Journalists In Mexico Trying To Harness The Power Of The Public Following Student Murders | Texas Public Radio

Journalists In Mexico Trying To Harness The Power Of The Public Following Student Murders

Jan 16, 2015

On Fronteras:

-- People in Mexico are tired of government corruption, violence, and of not feeling safe. Mexicans are protesting in ways they haven’t and some journalists are also getting bolder. Get this story from Marfa Public Radio’s Fronteras reporter, Lorne Matalon.

-- Some Republicans are trying to change or repeal the Texas Dream Act this legislative session. The Act allows certain undocumented students to pay in-state tuition at colleges in the state.

-- We bring you a story about how art is helping refugees in Houston define and share their experiences.

 Stormy On The Southern Front

On Fronteras, we’ve been looking at how media coverage is changing in Mexico after 43 students were killed there. Marfa Public Radio’s Fronteras reporter, Lorne Matalon, brought us the story last week. He joins the program this week to tell us more about what he learned from his travels to meet with broadcasters in Mexico.

Is This Dream Ending?

Texas’ new Lt-Gov.-elect, Dan Patrick, has vowed to repeal the Texas Dream Act during the legislative session that recently kicked off in Austin. The Dream Act allows some undocumented students to pay in-state tuition at Texas colleges. Some Republican lawmakers say the Texas Dream Act is another way for the state to be involved in the act of picking winners and losers. And they want the law to change or go away. They’ve already filed bills either to change or repeal the Act. We take a look at the battle ahead.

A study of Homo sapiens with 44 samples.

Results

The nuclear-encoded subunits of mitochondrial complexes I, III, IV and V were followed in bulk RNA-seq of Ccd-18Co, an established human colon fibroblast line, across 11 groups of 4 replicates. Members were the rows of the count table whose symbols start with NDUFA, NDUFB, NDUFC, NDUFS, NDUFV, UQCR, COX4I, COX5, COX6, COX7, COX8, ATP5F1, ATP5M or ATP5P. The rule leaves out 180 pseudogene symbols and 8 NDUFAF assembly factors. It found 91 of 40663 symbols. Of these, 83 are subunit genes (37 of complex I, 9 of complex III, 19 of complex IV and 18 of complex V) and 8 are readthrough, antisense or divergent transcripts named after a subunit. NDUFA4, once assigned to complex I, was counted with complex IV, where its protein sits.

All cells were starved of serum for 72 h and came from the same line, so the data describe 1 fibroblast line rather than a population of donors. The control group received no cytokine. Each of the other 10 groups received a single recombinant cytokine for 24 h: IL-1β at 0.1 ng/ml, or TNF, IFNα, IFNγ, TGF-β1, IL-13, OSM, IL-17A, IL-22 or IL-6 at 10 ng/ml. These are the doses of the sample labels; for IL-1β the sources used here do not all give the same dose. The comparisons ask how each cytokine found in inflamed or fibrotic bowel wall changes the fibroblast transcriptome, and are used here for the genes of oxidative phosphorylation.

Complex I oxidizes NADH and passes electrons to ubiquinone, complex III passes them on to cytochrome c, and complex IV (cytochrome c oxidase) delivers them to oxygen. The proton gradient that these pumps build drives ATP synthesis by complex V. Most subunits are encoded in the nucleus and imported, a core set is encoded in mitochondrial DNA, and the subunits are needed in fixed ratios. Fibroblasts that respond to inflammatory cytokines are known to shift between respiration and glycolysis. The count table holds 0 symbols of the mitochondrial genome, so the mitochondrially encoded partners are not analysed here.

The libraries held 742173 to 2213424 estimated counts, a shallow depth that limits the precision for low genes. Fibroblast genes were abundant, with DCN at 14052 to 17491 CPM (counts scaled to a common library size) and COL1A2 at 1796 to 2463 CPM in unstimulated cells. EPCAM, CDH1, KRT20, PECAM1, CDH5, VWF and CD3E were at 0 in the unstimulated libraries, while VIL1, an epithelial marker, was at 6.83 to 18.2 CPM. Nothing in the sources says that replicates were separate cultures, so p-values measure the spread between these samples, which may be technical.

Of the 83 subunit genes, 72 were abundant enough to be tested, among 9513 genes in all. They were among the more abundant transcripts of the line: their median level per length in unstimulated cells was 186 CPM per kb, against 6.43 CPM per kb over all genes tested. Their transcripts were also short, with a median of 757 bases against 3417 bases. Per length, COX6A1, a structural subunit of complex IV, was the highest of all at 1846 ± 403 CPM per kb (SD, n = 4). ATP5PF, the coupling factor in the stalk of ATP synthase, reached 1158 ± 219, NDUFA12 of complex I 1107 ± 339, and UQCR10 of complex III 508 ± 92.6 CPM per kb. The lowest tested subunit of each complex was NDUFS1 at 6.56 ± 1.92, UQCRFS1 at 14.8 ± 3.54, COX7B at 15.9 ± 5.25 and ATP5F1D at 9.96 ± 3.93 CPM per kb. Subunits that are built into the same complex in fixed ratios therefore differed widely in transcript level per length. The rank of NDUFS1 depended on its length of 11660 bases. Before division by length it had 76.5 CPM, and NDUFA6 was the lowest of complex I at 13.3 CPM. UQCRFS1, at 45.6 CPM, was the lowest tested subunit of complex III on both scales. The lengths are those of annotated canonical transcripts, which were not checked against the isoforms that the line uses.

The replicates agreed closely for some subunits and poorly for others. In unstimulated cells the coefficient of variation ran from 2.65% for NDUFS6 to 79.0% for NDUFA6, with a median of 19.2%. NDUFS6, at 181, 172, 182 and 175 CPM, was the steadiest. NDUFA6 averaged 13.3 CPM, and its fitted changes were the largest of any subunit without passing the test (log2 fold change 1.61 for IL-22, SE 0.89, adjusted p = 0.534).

Report: Border Drones Not Worth Investment

There’s a new report out that says drones used to patrol the border are simply not worth the money. The man behind the report took to C-SPAN’s Washington Journal this week to explain why. Marfa Public Radio’s Travis Bubenik has more.

Art Project Captures Stories Of Houston’s Immigrants

Houston receives more refugees than any other city in the United States, but many of them struggle to find a sense of belonging after relocating. One group is using art to help them capture the stories of their migration. Houston Public Media’s Syeda Hasan reports.